Jacksonville’s Alhambra Theatre & Dining has become a tropical island until December 1, as the classic and acclaimed musical “South Pacific” has arrived. Call 641-1212 for reservations.
When “South Pacific” debuted in 1949, it was a groundbreaking musical. It preceded the Civil Rights movement and boldly portrayed how damaging and painful racism could be.
The Rodgers and Hammerstein musical is known for its memorable songs. They include the romantic “Some Enchanted Evening,” the mysterious “Bali Ha’i,” the humorous ” I’m Gonna Wash That Man Right Outa My Hair,” the rousing “Honey Bun,” and the heart-breaking “This Nearly Was Mine.”
The Pulitzer Prize-winning World War II story by James Michener takes place on a small South Pacific island where Nellie Forbush, a US Navy nurse falls, against her better judgment, in love with a mysterious expatriate French planter, Emile de Becque. Nellie as played by ASHLIE ROGERSON, is an attractive ‘hick’ from Arkansas, who has a lot of charisma, and can sure belt out a song. Alhambra regulars may remember Ms. Roberson from ” Ring of Fire” in which she did both fine singing and fancy fiddle playing.
Newcomer CHRISTOPHER SANDERS stars as Frenchman de Becque. You can’t miss him! He is a big man, reportedly six feet, five inches tall, with a big, bold, baritone voice to match which frequently brought appreciative applause from the captivated audience. His impressive credits listed in the program include concert engagements with several symphonies, and leading roles in many major musicals.
A secondary romantic plot involves young Lieutenant Joseph Cable (ALEX MARKOWITZ) who has arrived on the island to spy on Japanese ship movements from behind enemy lines. He is befriended by local trinket seller Bloody Mary (NICOLE LEE), who sets him up with a date with her daughter Liat (REA EANG), hoping they will fall in love and marry. Liat is a beauty, and they do fall in love, in record time even for musical theatre. However, Joe views their racial differences as a seemingly insurmountable barrier to a life together.
Now, if you have never seen this show, we don’t want you to think it is all serious. There is that artful, scheming and brash sailor, Luther Billis, and his Navy buddies. Making his Alhambra debut as Billis is EDDIE MEKKA, a co-star for several years on TV’s “LAVERNE AND SHIRLEY.” Mekka’s talent comes across the footlights to tickle the audience during the Thanksgiving show on base when he dons a grass skirts, adds coconut shells for a bra, and performs the showstopper “Honey Bun.”
Meanwhile back to the romance of de Becque and Forbush, which has hit a snag when she discovers he is widowed, has two young mixed-race children, and came to this island many years ago because of a crime he committed in France. Are these insurmountable obstacles? If you don’t know the story, we won’t spoil it for you.
The Alhambra did this show in 2003, and DAVID POIRIER was the base commanding officer, Captain George Brackett. Poirier is the only returning member of that cast, and is every bit as funny as he was ten years ago.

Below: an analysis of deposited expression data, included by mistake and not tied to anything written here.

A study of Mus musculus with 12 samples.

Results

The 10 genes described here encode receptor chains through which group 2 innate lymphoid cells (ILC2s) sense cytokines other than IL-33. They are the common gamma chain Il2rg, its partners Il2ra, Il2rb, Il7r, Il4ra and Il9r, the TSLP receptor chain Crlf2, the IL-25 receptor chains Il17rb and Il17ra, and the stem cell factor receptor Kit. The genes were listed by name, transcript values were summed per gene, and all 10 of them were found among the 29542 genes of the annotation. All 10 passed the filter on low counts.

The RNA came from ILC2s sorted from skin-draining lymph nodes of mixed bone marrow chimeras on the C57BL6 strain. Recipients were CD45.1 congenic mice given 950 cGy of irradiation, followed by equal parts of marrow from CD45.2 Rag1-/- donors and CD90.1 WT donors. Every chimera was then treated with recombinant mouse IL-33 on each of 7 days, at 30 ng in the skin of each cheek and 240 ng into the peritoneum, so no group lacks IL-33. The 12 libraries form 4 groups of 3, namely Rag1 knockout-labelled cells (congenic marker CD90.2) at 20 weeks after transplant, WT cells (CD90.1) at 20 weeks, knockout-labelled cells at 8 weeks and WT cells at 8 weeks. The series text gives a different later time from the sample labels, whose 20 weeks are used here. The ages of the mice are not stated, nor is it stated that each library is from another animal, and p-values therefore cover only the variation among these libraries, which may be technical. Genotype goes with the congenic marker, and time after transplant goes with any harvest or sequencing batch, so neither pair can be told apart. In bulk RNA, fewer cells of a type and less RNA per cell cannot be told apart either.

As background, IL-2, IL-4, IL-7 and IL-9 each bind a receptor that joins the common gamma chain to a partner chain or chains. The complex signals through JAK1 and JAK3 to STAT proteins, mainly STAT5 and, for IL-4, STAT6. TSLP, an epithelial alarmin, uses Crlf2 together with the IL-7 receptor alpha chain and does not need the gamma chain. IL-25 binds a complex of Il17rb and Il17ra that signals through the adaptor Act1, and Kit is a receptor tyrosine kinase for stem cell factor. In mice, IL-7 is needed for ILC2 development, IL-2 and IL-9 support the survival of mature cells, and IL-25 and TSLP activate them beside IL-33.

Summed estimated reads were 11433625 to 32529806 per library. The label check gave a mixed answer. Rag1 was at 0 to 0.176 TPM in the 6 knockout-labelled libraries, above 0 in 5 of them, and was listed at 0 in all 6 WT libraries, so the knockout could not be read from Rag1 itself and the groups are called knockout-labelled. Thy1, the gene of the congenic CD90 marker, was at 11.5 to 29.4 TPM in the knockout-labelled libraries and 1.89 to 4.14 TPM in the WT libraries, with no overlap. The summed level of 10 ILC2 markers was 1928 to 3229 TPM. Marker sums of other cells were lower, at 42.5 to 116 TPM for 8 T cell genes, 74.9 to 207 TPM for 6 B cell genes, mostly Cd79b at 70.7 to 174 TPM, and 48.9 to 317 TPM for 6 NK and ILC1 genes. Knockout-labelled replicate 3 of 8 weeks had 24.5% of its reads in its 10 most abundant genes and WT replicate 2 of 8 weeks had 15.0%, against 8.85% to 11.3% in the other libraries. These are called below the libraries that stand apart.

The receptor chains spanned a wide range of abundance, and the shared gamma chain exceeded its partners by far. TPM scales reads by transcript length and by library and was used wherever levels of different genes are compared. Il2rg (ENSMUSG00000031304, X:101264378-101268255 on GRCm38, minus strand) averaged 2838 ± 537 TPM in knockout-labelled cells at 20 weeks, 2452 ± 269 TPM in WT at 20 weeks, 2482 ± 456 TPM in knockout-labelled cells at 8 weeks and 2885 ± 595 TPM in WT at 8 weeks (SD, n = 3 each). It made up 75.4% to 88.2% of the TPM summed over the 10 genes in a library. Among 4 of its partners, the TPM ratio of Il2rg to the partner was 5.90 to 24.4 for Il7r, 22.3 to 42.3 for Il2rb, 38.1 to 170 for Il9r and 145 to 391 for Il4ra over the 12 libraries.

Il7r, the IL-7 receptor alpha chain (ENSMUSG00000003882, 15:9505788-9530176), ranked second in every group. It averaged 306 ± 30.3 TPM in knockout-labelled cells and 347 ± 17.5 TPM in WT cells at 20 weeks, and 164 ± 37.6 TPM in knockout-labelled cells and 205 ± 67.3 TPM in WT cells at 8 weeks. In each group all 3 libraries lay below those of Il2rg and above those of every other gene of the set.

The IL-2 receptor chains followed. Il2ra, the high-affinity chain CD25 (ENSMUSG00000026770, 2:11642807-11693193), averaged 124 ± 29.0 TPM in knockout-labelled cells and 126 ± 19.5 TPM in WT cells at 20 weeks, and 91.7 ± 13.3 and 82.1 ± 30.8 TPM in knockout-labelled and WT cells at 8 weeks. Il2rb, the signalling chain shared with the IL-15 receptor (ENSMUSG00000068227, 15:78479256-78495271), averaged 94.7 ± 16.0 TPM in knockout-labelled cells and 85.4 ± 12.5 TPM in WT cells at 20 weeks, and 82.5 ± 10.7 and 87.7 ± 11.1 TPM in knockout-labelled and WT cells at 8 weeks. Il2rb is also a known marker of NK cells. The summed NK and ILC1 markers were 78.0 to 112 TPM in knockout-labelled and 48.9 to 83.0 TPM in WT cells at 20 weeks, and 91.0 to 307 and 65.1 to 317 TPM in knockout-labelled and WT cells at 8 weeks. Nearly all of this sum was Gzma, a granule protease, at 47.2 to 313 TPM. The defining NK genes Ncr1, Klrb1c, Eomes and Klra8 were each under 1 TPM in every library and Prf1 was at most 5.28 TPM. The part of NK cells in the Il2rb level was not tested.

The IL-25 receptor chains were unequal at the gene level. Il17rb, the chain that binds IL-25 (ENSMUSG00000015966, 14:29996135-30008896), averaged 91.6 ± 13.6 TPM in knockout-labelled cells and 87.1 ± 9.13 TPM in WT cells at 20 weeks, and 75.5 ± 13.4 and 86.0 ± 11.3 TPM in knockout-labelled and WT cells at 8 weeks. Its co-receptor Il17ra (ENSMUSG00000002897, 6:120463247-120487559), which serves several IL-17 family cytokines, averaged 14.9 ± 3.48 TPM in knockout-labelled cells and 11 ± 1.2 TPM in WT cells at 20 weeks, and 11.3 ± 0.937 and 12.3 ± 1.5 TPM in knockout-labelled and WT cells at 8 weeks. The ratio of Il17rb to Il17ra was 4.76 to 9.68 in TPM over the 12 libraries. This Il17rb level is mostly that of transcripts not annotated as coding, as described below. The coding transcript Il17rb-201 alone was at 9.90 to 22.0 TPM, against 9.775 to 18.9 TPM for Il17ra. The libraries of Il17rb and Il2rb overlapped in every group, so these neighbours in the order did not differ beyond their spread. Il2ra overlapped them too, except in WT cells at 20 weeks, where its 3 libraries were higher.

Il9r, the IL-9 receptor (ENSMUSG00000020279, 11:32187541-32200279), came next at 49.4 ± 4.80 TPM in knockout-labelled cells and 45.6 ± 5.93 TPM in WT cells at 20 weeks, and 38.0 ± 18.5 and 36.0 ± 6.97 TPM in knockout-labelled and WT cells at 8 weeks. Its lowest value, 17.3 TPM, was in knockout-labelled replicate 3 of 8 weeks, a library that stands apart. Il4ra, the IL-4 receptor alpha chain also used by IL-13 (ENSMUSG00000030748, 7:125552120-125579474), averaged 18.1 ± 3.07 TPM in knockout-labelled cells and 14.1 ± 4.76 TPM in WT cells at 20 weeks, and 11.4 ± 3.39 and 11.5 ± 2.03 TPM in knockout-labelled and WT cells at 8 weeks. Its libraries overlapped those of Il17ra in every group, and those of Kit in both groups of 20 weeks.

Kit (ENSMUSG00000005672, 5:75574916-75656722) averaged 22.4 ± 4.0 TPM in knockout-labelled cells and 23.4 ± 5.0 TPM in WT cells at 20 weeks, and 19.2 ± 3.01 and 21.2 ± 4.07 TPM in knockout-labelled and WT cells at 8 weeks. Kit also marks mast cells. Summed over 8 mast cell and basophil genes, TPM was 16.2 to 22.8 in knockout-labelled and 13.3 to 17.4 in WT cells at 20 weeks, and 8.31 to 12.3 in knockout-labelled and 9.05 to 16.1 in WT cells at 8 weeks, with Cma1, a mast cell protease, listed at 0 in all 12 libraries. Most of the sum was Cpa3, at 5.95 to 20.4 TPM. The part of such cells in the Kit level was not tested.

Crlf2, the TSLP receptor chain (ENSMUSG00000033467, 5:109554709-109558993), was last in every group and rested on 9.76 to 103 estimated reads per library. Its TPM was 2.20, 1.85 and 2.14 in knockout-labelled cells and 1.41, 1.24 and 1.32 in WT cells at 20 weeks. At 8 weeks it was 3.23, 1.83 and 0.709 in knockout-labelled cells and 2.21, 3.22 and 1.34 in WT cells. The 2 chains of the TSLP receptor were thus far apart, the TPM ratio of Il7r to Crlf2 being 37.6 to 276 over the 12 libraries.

The sets by Dave Dionne are excellent and make you feel as if you are right on that island, with palm trees and a wonderful scenic rear wall that depicts the far off island of Bali Ha’i.
The Costume Crew has created a very well dressed nurse corps, who appear in standard uniforms, but also show up in more colorful clothing when off duty, which includes vintage evening gowns and bathing suits. The naval officers and sailors are snappily dressed as well.
Kids like to watch kids on stage, and the two de Becque children are delightfully played by RACHEL RDS and CALEB LACROIX. RALPH RAMIREZ is the second in command as Commander Harbison. TIM DEE plays Henry, de Becque’s household servant
Just as the Alhambra decorates the lobby and grounds to go along with the theme of a show (this time with giant carved Tikis), Chef DeJuan Roy and his staff create food that enhances each theatrical experience. The menu that awaits your choice on your South Seas trek includes: Hawaiian Tempura Sweet and Sour Chicken, Macadamia nut crusted Mahi with Pineapple Relish, Kuala Pork with Fried Rice and Kabayaki Sauce, and for the vegetarians, Budda’s Delight, a stir-fried dish with cabbage, tofu, sprouts, corn, carrots, ginger, snow peas, and noodles. The Dual Critics can speak with experience when we say the fish dish, the pork and the stir-fry were all excellent. Dessert follows the theme as well, with a choice of Hawaiian Pineapple Up-Side-Down Cake or a Macadamia Cookie and Coconut Gelato. Are you hungry yet?
We have seen this show several times and always find it delightful mainly because it is impossible to resist the charisma and universal appeal of the songs. The songs shine through time and time again with a welcome and essential warmth. Director Producer TOD BOOTH has assembled a remarkable cast, and Booth’s direction always brings maximum intensity to the stage.
We know it is after labor day , but white slacks and Hawaiian shirts are allowed and encouraged as appropriate dress for this World War II era island adventure.